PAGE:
Shelley reminds us that Victor is narrating his story to Walden aboard the ship. Often, Victor uses apostrophe ("Oh, Henry!") and lets us know how terrible he feels about some later tragedy in the story. Victor has a wonderful memory and is precise about his account of events. It seems that he cannot help but give us some spoilers along the way, though.


THE WEATHER

  • In the frame story, the events of the novel are foreshadowed by Walton's presumption that he can successfully venture into the icy wilderness
  • It is the great forces of nature that drive Victor into his scientific pursuit. (The Romantic view holds that when one tampers with the forces of nature, retribution by nature will follow.)
  • On the night of his creation, it is dark and dreary; later comes a "tempest." This suggests ominous happenings.
  • When Victor returns home after the death of William, Victor fears what will come,

"Night closed all around, and when I could hardly see the dark mountains, I felt still more gloomily.  The picture appeared a vast scene of evil, and I foresaw obscurely that I was destined to become the most wretched of human beings" (72).

  • Victor's pursuit of the creature through the dangerous and icy regions of the mountains presage his death.

THE WORDS AND ACTIONS OF CHARACTERS

  • Victor states, "It was the secrets of heaven and earth that I desired to learn" (28).  His hubris will be his nemesis.
  • Victor's rejection of his creature, and running from it when it opens its eyes and smiles at Victor.  Rejected and alone, the creature will seek revenge.
  • Victor's refusal to confess that he knows who has killed William and the others presages more murders.
  • Victor's refusal to create a partner for the creature. The monster will retaliate as promised.
  • The creature is feared, rejected, and abused when he reveals himself to the occupants of the cottage, whom he has helped. He will reject humanity for its cruelty to him.

I'd like to add some additional sources to clarify the queer theory angle that I referred to in my previous response, and so I've added some links to articles by specific scholars who have written about homosexual desire and queer tropes in Frankenstein.


One of the most dramatic examples of foreboding and foreshadowing in the novel occurs when the monster tells Victor "I will be with you on your wedding night." This happens at a point where the monster has grown bitter and hateful, cursing his ugly appearance which belies his strong intellect and depth of emotional sensitivity. He is angry at Victor for having created him, and Victor feels too much sympathy for the monster to destroy him. He tries to create a female companion for the monster, but this ends in disaster.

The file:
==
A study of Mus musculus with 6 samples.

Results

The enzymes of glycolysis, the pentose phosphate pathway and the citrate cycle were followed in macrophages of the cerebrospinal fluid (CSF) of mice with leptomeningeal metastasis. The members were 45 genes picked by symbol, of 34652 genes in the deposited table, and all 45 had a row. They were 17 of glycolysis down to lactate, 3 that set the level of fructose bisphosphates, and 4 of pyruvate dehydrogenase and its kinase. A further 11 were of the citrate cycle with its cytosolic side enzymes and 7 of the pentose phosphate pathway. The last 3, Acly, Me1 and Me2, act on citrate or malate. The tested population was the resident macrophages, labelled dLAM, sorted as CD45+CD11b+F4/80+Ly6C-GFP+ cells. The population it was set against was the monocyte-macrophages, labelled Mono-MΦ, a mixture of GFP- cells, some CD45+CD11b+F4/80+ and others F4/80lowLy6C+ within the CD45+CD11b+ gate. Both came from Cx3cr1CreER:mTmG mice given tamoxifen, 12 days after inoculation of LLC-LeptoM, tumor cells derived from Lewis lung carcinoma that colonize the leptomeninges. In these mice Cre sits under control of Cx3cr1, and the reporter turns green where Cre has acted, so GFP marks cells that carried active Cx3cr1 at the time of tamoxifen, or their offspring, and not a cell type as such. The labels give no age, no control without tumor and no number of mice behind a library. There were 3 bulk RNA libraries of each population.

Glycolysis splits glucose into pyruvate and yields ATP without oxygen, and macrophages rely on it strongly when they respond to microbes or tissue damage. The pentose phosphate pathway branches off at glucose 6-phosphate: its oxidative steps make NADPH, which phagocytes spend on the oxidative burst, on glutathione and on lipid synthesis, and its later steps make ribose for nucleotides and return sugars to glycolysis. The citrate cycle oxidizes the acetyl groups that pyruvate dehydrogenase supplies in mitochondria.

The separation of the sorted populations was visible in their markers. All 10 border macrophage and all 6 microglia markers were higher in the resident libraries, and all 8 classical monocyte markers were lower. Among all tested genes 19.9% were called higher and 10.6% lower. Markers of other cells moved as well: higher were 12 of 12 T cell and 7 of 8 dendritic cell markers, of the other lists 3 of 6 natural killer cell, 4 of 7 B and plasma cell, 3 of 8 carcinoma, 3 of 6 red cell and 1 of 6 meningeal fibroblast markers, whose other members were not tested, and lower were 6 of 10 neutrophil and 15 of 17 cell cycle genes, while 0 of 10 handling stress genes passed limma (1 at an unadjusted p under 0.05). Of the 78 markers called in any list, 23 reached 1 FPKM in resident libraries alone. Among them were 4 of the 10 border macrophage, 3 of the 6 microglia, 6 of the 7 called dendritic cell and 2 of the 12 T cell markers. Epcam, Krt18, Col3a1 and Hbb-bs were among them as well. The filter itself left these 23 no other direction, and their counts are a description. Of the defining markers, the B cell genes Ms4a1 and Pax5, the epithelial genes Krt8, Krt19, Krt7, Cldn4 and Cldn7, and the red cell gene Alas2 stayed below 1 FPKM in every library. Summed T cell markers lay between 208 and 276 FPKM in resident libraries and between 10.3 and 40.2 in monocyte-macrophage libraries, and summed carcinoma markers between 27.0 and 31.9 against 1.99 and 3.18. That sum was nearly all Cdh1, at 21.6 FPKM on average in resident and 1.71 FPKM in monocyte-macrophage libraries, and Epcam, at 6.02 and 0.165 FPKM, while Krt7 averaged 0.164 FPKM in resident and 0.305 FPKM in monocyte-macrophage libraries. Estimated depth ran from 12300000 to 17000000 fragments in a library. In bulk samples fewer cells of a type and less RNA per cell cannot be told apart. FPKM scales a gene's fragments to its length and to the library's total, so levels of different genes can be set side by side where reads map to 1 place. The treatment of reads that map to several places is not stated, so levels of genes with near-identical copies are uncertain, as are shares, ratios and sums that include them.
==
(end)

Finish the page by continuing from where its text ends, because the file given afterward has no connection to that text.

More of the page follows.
This line has been said by numerous scholars to contain hints of underlying themes of latent homosexuality, in that the monster is a shadow image of Victor, created by him but given an ugly appearance, that contains truths he would rather not face. One idea that has been explored is that the creation of life from death suggests an end of human sexual reproduction, or, put another way, a possible world where men can exist without women. The line also suggests the monster is a constant source of worry and dread for Victor, and the idea that the monster will be with him on his wedding night hints  that Victor's marriage to Elizabeth may be haunted by Victor's conflicted sexuality.

The line "I will be with you on your wedding night," repeated ominously by the monster, also suggests that Elizabeth is a barrier to their own sexual union. Victor does not know that the monster is planning to murder Elizabeth in their marriage bed--this is perhaps the most potent example of foreshadowing in the entire story. (Interestingly, the stage play production by Danny Boyle adapted from this novel portrays this scene in brutal terms: the monster first rapes Elizabeth before he strangles her.) 


Notice that the subtitle of the novel is The Modern Prometheus, a phrase that describes the titular character: Frankenstein.  Prometheus was punished terribly by Zeus for helping humankind by giving us light from the sun in order to cook our food and warm ourselves; his brother, Epimetheus had made the animals first and given away the sharp teeth, the claws, and the warm fur.  Therefore, Prometheus basically saves us with this gift.  However, the subtitle alone foreshadows some awful punishment that will be inflicted on Victor for his attempt to help humanity as well.  This foreshadowing is strengthened by the creature's later association with lightning (consider the lightning that first illuminates him to Victor's sight in Geneva), because lightning is the weapon of Zeus, the very god who punishes Prometheus.  This forebodes a difficult life for Victor as the enemy of a creature who is more powerful than he.